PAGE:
Scotland has a record number of female officers serving in the ranks of the country's eight police forces, according to the latest figures.
Women now account for more than one in four (26.8%) of the entire police workforce.
The figures also showed there had been a significant rise in women entering the police since 1998, when just 15.3% of officers were female.
Two of Scotland's eight police forces currently have women as their head.
Information from the Scottish Police College at Tulliallan, in Kincardine, Fife, also showed that women now represented 32% of its new recruits, a level achieved for the past five years.
Justice Secretary Kenny MacAskill said: "Scotland's police do a fantastic job in the communities in which they work and it is extremely encouraging to see that the officers increasingly reflect the society that they serve.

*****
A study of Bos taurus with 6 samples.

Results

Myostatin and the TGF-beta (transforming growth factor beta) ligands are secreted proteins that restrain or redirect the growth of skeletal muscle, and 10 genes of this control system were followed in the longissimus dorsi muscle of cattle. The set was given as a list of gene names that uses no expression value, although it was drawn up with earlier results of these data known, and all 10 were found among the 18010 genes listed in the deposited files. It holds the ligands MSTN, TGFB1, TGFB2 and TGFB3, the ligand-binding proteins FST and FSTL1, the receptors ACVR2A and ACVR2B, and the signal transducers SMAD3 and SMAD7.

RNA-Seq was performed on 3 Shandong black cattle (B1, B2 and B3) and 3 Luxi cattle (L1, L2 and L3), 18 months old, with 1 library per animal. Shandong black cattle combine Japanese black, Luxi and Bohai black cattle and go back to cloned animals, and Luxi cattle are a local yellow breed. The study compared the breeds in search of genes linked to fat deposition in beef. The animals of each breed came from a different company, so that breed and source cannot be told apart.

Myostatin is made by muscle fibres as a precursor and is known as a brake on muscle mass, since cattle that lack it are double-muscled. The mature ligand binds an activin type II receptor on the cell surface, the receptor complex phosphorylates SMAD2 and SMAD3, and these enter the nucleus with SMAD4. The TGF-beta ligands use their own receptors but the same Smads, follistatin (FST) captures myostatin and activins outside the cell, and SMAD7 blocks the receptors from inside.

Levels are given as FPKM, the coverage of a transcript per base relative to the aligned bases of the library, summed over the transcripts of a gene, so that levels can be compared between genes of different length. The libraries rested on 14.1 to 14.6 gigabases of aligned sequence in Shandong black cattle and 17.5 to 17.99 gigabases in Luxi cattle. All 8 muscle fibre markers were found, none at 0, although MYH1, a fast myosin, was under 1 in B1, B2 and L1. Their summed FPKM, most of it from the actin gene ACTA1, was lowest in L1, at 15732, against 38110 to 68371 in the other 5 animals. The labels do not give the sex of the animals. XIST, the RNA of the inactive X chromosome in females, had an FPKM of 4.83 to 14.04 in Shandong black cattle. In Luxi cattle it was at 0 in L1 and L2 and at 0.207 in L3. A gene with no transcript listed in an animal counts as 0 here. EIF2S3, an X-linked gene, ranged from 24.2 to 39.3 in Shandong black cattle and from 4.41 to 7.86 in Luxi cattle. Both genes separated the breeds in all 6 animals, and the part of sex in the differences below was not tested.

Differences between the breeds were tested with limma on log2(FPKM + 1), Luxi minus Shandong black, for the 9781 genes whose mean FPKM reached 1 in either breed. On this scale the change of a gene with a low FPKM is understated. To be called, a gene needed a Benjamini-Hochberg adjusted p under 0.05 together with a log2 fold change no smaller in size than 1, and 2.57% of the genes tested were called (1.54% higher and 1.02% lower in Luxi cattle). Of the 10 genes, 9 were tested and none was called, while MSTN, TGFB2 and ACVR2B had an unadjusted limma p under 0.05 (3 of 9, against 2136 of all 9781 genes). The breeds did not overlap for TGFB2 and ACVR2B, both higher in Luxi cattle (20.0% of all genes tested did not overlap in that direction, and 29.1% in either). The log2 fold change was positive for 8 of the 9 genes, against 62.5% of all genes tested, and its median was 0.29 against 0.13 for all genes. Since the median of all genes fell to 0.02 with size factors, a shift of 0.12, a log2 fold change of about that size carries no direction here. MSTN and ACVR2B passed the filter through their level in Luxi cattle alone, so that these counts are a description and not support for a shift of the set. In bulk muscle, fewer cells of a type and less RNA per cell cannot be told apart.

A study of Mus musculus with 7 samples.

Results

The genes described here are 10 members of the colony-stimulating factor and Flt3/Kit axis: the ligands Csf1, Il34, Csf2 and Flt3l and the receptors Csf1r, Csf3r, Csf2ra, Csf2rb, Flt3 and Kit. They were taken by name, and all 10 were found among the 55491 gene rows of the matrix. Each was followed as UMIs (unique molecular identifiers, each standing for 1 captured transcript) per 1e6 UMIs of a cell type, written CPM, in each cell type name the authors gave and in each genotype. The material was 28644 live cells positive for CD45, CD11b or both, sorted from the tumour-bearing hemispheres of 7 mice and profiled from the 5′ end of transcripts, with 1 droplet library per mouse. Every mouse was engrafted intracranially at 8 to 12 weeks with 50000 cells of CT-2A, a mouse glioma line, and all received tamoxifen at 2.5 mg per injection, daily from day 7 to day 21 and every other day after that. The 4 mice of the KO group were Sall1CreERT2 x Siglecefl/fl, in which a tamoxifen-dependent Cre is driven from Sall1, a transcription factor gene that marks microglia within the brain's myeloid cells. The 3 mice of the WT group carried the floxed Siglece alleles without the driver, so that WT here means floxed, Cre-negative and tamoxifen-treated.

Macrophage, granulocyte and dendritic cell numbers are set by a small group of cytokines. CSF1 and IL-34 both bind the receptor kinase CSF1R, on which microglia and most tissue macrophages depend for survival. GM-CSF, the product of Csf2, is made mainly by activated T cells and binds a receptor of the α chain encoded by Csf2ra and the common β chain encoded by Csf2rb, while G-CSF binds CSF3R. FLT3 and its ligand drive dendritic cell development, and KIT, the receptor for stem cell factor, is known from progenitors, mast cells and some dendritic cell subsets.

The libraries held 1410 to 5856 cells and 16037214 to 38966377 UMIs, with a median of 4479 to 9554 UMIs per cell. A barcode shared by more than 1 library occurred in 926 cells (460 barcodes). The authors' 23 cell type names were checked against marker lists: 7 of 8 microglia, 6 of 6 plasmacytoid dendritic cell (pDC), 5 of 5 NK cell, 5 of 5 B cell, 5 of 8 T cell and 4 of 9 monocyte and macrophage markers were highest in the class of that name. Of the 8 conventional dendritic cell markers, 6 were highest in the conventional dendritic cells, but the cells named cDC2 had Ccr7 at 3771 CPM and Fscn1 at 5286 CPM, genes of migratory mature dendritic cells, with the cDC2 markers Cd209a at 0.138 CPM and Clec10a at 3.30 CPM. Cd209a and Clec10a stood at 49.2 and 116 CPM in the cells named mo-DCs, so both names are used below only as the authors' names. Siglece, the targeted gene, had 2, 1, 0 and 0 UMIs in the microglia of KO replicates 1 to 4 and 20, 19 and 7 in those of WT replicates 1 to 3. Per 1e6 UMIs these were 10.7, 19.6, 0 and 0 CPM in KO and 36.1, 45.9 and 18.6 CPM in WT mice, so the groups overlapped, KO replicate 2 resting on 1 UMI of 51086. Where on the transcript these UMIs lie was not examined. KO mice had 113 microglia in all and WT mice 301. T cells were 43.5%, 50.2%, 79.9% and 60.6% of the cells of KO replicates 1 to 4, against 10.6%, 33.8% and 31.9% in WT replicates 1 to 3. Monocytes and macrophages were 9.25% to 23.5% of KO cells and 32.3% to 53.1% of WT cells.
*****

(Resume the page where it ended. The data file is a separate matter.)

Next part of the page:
"We are already fortunate to have two female chief constables in Scotland and the increasing ranks of female officers is helping to bring a different perspective to policing, be that in dealing with difficult suspects, or skilled counselling of the victims of crime.
"Scotland is leading the way in this regard, and I know that forces have worked extremely hard to make their working practices more family friendly for all officers, male or female."
Brenda Armstrong, of the Association of Chief Police Officers in Scotland, said: "The story is not just about Scotland having achieved the highest percentage but more that year-on-year the forces individually have all demonstrated an increase in the number of women officers to achieve this.
"This demonstrates a sustained performance across all forces."